Sold. My noble general, Timon is dead;
Entomb'd upon the very hem o' the sea;
And on his grave-stone this insculpture, which
With wax I brought away, whose soft impression
Interprets for my poor ignorance.

Alcib. [Reads the epitaph] 'Here lies a wretched corse, of wretched soul bereft :

Seek not my name: a plague consume you wicked caitiffs left!

Here lie I, Timon; who, alive, all living men did

hate :

Pass by and curse thy fill, but pass and stay not
here thy gait.'

These well express in thee thy latter spirits:
Though thou abhorr'dst in us our human griefs,
Scorn'dst our brain's flow and those our droplets


From niggard nature fall, yet rich conceit
Taught thee to make vast Neptune weep for
On thy low grave, on faults forgiven. Dead
Is noble Timon: of whose memory
Hereafter more. Bring me into your city,
And I will use the olive with my sword,
Make war breed peace, make peace stint war,

make each

Prescribe to other as each other's leech.
Let our drums strike.

70-73. The first two lines are a rendering of Timon's Own epitaph; the last two were ascribed generally to the poet Callimachus. Lines 71-72 are contradictions. Both epitaphs,




however, occur in close succession in the Plutarchian narrative, whence they were doubtless copied by the author without reflection.



VENUS AND ADONIS was first published in Quarto, in 1593, with the following title-page :—

VENUS AND ADONIS | Vilia miretur vulgus: mihi flauus Apollo | Pocula Castalia plena ministret aqua.| LONDON Imprinted by Richard Field, and are to be sold at the signe of the white Greyhound in Paules Churchyard. | 1593.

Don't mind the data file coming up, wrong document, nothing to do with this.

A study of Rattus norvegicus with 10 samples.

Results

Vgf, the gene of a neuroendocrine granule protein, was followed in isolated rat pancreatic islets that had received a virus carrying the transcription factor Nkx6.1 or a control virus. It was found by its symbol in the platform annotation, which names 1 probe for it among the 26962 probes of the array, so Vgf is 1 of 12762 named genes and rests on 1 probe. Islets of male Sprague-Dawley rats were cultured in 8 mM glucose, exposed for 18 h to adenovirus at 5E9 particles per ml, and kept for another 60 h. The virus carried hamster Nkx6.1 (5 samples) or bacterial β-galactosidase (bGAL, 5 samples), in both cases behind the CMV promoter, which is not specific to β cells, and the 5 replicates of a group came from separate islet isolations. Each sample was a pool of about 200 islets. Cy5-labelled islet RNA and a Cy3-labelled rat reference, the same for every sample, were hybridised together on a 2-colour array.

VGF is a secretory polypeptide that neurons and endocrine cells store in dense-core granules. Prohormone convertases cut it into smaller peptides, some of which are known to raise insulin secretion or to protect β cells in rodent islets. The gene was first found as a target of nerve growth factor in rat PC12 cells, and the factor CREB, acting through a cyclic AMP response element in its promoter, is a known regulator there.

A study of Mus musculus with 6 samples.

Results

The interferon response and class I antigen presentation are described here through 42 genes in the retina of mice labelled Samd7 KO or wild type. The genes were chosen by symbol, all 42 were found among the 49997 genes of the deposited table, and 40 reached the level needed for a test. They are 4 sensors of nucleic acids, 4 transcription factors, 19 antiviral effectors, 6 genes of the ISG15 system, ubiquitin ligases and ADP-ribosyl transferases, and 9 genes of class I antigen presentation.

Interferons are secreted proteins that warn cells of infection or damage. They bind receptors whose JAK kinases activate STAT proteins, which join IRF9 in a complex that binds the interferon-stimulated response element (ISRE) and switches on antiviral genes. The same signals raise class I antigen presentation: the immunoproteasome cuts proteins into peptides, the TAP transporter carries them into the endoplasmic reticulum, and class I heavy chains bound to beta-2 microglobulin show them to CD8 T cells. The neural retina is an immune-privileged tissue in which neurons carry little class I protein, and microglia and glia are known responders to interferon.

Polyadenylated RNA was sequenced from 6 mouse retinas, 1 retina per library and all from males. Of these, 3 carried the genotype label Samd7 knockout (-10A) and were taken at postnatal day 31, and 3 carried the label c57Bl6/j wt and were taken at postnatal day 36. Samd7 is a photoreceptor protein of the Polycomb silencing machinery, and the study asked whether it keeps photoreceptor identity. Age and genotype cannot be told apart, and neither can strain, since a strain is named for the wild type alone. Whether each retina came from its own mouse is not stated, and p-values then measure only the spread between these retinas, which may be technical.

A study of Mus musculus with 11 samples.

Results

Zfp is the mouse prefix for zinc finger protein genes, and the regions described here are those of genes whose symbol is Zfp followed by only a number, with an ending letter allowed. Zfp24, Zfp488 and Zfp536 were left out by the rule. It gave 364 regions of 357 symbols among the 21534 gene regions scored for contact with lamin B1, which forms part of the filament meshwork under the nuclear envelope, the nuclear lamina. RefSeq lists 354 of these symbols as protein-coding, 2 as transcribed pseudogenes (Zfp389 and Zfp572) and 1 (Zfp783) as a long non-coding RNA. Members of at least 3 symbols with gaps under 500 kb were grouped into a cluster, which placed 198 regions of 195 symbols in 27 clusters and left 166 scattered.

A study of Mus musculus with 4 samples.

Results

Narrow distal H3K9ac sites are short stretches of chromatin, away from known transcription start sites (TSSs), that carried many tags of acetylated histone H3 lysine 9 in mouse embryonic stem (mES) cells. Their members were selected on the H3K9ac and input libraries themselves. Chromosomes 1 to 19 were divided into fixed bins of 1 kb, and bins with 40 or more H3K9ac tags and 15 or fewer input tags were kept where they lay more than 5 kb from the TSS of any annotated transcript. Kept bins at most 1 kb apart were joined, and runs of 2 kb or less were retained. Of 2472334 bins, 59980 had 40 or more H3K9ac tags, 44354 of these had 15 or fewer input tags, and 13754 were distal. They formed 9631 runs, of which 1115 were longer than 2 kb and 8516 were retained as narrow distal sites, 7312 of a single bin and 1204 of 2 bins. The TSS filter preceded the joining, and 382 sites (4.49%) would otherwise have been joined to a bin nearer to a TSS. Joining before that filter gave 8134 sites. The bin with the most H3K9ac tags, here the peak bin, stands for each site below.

In 1590

A second edition followed in 1594; others rapidly succeeded, in 1596, 1599, 1600, 1602. By 1636 there were at least thirteen. Shakespeare dedicated it to the Earl of Southampton, in words that have become famous, as the 'first heir of his invention'; meaning probably that it was the first of his lyrical or narrative Poems, not that it had preceded all his plays. Its production falls without doubt within the three years preceding its appearance. These years were the golden prime of the Tale in Verse. the first instalment of the Faerie Queene had set a magnificent and unique example. In the same year Thomas Lodge, a past master of prose romance, told the classic tale of Glaucus and Silla in verse full of Ovidian finesse, and echoing not unskilfully Ovid's fluid melody. A little later, but before 1593, Marlowe was at work upon the fragmentary paraphrase of the tale of Hero and Leander, completed after his death by Chapman, which stands alone in Eliza

bethan narrative verse by its fiery intensity of passion and nervous energy of style. It is hardly doubtful that Shakespeare knew all three. But it was the second alone which palpably attracted and influenced him. Lodge had used the same six-line stanza, with that pleasant alternation of the quatrain and the couplet which Shakespeare seems to have preferred both to more complex and to more simple arrangements of rhyme; and the little episode on the story of Adonis over which Lodge lingers a while by the way is an essay in the same scheme of colour and in the same effects of verbal melody over which Shakespeare shows so secure a mastery in the poem before us.1

The poet of the Venus and Adonis had clearly drunk deep of the 'honey-tongued' Ovid with whom a few years later Francis Meres compared him. His manner, his melody, are full of Ovidian artifices and expedients. To Ovid's tale of Adonis, however (Metam. bk. x.), he owed very little,-hardly more than the transformation of his slain body into a flower (x. 735). The elementary situation which he found in Ovid he decorates with a profusion of beautiful inventions. His attitude towards the myth he handles is very like Ovid's own-the attitude of the artist not of the thinker; and in his utmost divergences from Ovid he dreams as little as he of that dawn-world of Eastern myth, so effectually obscured by the metallic glitter


The trees with tears reporting of his thrall;

And Venus starting at her love-mate's cry,

Forcing her birds to haste her chariot


And full of grief at last with piteous eye,

Seen where all pale with death he lay alone,

Whose beauty quailed, as wont the lilies droop,

When wasteful winter winds do make them stoop.